The final Android O developer preview is out. This means, the official consumer release of Android O isn’t far away. However, there’s still time left to make an Android app compatible with Android O. This android app tutorial will help to prepare your Android app for Android O compatibility without any hindrance.
Right now, Google is giving final touch to the Android O operating system, and it will be all set to release officially in upcoming months. Therefore, you need to ensure that your Android app performs smooth on the new Android OS. And in order to do that, you need to test your Android application in the Android O developer preview 4.
First of all, to receive updates regarding Android O developer preview 4, your Android device must be enrolled with the Android Beta Program. It allows beta testers to easily load it on production devices. So if you haven’t enrolled your device yet, then get it done by visiting Android Beta Program site.
The Android Beta Program provides an opportunity to try out pre-release versions of Android. Basically, it helps Android mobile app developers to test their apps in upcoming Android versions to make sure that their Android App is compatible with the new version and runs smoothly.
The Android O consumer launch is quite near, which is why it has now become quite crucial for Android App developers & owners to make their Android app compatible with Android O.
By doing so, it will give your Android users a seamless transition to the new platform as it arrives. And if you haven’t tested your Android app for Android O compatibility yet, do it now. The process is pretty straightforward.
Just enroll your supported Android device in Android Beta Program as we mentioned earlier and get the latest update over-the-air on you device. After that, install your Android app from Google Play Store and test!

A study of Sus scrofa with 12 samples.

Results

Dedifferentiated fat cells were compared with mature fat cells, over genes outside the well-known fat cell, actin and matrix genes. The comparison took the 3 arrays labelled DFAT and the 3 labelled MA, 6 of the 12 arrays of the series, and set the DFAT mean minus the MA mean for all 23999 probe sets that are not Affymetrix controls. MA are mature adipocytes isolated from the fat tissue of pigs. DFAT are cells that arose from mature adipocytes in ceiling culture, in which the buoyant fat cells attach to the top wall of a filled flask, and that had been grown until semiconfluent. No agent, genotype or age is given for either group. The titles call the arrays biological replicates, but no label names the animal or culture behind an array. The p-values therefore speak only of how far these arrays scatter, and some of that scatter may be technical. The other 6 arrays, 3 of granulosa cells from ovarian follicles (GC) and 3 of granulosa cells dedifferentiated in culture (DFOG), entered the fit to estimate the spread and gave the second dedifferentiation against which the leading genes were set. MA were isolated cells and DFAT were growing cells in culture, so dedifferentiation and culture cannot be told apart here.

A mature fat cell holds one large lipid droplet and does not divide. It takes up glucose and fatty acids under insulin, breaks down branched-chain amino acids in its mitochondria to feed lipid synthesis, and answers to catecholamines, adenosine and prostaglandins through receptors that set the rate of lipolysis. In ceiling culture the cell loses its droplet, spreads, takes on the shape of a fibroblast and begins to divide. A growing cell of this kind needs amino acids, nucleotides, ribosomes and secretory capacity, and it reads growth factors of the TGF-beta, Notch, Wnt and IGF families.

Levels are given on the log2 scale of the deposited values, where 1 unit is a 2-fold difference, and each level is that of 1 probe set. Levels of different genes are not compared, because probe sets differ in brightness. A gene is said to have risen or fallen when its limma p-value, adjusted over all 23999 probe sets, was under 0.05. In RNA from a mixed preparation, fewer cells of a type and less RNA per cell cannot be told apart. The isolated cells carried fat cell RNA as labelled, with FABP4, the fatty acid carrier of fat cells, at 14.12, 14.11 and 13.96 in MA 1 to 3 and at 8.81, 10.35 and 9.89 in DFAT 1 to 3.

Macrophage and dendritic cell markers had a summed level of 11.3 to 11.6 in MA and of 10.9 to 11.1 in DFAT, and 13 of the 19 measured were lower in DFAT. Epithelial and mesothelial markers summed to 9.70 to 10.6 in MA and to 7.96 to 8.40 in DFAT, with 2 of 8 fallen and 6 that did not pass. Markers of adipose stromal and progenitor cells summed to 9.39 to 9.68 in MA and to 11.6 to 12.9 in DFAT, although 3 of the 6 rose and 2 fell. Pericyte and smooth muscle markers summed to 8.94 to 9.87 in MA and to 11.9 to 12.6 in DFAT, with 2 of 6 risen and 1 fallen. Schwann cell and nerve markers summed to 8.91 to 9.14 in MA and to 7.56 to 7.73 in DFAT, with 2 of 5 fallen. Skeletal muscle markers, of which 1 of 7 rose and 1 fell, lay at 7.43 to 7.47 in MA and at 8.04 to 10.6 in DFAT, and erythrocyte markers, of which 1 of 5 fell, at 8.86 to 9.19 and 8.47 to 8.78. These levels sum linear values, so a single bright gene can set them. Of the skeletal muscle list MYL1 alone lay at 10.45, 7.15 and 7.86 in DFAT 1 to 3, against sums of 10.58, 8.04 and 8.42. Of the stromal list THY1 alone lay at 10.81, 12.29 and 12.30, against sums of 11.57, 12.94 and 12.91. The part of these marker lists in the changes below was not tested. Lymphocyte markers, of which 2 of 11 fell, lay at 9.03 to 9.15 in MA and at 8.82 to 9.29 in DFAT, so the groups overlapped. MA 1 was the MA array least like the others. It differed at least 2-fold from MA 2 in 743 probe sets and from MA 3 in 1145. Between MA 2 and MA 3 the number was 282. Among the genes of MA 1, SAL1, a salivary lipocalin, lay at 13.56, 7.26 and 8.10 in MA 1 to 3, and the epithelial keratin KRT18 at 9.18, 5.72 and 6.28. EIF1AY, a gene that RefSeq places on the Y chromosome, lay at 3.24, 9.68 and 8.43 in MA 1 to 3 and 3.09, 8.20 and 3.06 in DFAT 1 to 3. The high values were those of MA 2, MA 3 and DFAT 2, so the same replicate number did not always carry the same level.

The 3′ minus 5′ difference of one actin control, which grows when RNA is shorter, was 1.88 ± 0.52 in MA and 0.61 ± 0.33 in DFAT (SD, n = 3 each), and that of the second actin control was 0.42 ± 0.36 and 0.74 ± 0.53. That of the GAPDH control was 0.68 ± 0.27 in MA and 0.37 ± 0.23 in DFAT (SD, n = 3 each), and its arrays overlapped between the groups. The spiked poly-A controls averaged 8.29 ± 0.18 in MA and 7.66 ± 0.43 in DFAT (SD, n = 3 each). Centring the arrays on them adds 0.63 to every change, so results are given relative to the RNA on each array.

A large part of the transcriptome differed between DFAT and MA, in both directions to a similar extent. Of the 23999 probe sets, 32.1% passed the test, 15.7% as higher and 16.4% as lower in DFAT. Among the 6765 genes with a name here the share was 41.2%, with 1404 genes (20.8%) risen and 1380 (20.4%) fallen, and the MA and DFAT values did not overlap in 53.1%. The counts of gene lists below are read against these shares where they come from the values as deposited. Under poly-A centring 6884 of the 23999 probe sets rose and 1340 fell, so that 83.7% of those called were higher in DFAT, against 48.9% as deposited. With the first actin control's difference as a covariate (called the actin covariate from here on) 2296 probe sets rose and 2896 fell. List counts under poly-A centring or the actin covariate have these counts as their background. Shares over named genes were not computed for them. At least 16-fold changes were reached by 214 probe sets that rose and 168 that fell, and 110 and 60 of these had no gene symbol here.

Your Android app should look good and it should handle the latest Android O behavior changes properly. Although, the Android O has introduced various features, APIs, and also includes changes which might affect the behavior of your Android app. But, to help you prepare, we’ll explain how to perform compatibility testing of your Android App.
The main purpose here is to make sure that your existing Android app works as-is in the latest Android O. Now there might be some platform changes which may affect the way your app behaves, but it can be fixed with some necessary adjustments. And you don’t yet need to use new APIs or change your TargetSDKVersion at this level.
Just follow these steps:
Get Android O system image and flash to your device, or get the Android O system image for the emulator.
If you’ve a compatible device (Pixel, Pixel XL, Pixel C, Nexus 5X, Nexus 6P, or Nexus Player), then obtain the Android O system image from the download page and follow the instructions to flash your device.
You can also download the Android O system image for the emulator from the SDK manager under Android O preview.
After updating to latest Android version, review the system behavior changes and try to identify some areas where your Android app might get affected.
Install your Android app on the device and run various features as well as functionality tests. Go through all of your app flows to find bugs or behavior changes in Android O.
Note down the behavior changes and make the required code changes wherever needed to support Android O. Then, recompile your Android app with the same API level.
Once you’ve identified and fixed all behavior changes issues, upload and publish your updated APK.
Now, whether you’re developing a brand new app from scratch or want to create an Android app compatible with Android O, we recommend updating your Android Studio to the latest version, which is now available in the canary channel.
The new version of Android Studio 3 includes build support for instant apps, support for XML fonts, and Adaptive icon wizard, apart from improved app performance profiling tools, support for Kotlin language, and Gradle build optimizations.
Furthermore, if you have no plans for using Android O features, you can also develop for Android O using Android Studio 2.3.3 from the stable channel. However, keep in mind that the tools for working with adaptive icons and downloadable fonts as well as XML fonts aren’t available in 2.3.3 version.